The Elections Commission’s initial review of entertainer Kanye West’s nomination papers puts him above the signature threshold needed to qualify for Wisconsin’s presidential ballot.

But there is a deadline of 4:30 p.m. today to file challenges to his nomination papers, and the commission won’t determine whether West met all of the qualifications to be placed on the ballot until sometime after next week’s primary and before late August, an agency spokesman says.

The commission counted 2,422 signatures on West’s nomination papers, with 2,000 needed to qualify. Still, the agency begins its review of nomination papers with a presumption of validity for signatures.’s review of West’s nomination papers found at least two people who listed their name as Kanye West, and the commission’s check wouldn’t look to strike potentially fake names. Instead, the agency requires a challenge to be upheld for such a signature to be stricken.

The review also found identical handwriting for different signers listed on the papers, among other issues that could be the subject of a challenge.

There are also questions over whether West’s campaign filed the nomination papers by Tuesday’s 5 p.m. deadline. Video WISN-TV reporter Matt Smith posted Tuesday shows the person who filed West’s papers walking into the building that houses the Election Commission just after the deadline.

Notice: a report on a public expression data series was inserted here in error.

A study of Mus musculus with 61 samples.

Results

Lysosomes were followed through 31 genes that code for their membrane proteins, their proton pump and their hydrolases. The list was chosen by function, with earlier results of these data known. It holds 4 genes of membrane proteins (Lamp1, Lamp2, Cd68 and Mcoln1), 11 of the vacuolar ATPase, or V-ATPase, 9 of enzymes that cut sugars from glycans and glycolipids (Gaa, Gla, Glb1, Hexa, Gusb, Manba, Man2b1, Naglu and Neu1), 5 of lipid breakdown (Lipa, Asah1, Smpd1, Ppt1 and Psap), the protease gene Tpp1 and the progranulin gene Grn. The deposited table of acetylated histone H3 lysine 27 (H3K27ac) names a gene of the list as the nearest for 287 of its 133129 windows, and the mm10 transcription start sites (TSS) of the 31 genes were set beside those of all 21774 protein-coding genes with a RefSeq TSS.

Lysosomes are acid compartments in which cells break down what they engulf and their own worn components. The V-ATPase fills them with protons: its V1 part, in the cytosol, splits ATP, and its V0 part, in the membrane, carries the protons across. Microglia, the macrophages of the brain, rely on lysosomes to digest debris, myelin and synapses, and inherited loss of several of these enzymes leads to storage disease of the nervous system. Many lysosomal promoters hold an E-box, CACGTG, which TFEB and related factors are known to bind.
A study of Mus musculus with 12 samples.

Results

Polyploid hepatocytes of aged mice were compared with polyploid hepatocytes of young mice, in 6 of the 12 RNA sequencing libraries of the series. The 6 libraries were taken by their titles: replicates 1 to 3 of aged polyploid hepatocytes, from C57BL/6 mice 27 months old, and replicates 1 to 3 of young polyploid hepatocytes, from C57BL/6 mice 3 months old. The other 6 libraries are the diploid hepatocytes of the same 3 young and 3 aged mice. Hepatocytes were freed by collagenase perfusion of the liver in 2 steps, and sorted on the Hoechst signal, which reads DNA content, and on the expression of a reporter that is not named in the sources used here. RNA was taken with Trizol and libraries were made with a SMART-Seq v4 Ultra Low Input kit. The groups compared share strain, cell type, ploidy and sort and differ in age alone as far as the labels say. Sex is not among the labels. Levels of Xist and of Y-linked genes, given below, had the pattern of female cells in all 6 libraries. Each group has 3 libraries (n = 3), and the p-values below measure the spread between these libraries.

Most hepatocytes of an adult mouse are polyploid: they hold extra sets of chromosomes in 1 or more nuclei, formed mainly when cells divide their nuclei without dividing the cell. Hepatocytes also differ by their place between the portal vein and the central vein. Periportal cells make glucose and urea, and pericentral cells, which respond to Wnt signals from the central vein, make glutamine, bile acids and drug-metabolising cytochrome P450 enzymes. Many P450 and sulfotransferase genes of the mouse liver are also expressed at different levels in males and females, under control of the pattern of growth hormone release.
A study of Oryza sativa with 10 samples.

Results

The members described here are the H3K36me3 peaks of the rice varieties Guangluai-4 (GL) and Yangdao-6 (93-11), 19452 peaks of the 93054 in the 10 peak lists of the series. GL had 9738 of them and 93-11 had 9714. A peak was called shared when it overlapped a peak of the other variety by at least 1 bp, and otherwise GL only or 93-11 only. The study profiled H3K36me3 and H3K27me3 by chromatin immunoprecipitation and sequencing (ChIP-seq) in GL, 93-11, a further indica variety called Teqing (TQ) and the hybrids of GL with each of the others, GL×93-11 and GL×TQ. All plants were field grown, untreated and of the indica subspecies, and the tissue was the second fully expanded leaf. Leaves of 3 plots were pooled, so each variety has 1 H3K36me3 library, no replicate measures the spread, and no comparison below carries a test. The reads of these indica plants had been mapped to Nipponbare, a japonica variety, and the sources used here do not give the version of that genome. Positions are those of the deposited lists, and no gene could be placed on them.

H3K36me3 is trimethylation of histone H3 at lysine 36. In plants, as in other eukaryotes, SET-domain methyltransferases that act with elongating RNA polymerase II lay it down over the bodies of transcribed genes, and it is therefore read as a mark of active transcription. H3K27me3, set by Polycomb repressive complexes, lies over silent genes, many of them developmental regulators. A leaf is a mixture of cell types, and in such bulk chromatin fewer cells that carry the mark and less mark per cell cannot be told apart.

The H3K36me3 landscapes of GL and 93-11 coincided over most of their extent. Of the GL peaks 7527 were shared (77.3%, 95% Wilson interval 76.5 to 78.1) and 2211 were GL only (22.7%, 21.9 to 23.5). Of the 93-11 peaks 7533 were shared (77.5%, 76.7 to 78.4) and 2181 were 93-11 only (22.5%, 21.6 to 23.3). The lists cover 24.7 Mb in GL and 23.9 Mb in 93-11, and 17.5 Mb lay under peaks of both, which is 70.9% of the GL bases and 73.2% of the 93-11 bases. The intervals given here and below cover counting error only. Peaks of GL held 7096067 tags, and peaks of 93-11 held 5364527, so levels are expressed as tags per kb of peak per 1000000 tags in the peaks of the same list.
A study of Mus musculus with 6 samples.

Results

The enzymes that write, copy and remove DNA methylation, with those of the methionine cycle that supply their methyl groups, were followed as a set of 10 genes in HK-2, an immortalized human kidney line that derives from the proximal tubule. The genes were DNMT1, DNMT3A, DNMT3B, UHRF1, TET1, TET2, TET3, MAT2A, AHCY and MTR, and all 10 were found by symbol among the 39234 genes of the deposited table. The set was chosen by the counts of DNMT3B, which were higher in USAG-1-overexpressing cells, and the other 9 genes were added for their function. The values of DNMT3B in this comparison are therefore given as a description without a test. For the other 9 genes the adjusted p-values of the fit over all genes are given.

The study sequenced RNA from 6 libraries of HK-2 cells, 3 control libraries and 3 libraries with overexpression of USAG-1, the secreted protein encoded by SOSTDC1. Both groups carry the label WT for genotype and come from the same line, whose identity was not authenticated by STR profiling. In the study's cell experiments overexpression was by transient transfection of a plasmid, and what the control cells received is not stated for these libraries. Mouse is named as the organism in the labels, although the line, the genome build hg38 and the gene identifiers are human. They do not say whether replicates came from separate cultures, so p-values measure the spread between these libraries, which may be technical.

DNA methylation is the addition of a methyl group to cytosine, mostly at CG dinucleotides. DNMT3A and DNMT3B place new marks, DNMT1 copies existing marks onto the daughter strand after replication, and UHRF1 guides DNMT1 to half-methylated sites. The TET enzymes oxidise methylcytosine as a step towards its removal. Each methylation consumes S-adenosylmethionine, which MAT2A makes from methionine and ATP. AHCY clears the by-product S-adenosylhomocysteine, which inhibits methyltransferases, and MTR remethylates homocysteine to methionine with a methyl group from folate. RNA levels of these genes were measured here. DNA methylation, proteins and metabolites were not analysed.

Commission spokesman Reid Magney said the agency has “our own clocks that we go by.” He declined to provide the agency’s timeline on the filing, saying it would be included in the staff recommendation to the full commission, which ultimately will decide whether to certify West for the ballot.

He acknowledged litigation is likely over West’s nomination papers.

“They will have that information, and they can make a decision based on that,” Magney said.

West’s campaign has received help from Republicans in trying to qualify for the ballot in various states, according to national media. If approved for the Wisconsin ballot, some believe he could siphon votes away from presumptive Dem nominee Joe Biden in one of the key swing states this fall.

Following this afternoon’s deadline to file a challenge to West’s papers, his campaign would have until Monday afternoon to respond.

Dems have hinted a challenge is likely, and Milwaukee attorney Mike Maistelman, who has long been involved in cases before Wisconsin’s election officials, signaled the timing of West’s filing could prove problematic. He also questioned the help West has received from Republicans.

“The Wisconsin Supreme Court has for decades continuously held that filing deadlines are mandatory and not discretionary,” Maistelman wrote in an email. “The statute requires nomination papers to be filed by 5 pm, not 5:01 pm.”

Magney said agency staff will prepare a recommendation for the full commission on whether it believes West should be placed on the ballot. The commission hasn’t yet scheduled a meeting to review the commission’s coming recommendation.

Magney noted there is an Aug. 26 deadline for the commission to certify results from Tuesday’s primary. Also, county clerks have to deliver ballots for the November election to municipal clerks by Sept. 16 so they can be mailed the next day to those who have requested absentee ballots.

See the commission’s initial tally for all five candidates who filed to run for president as independents here.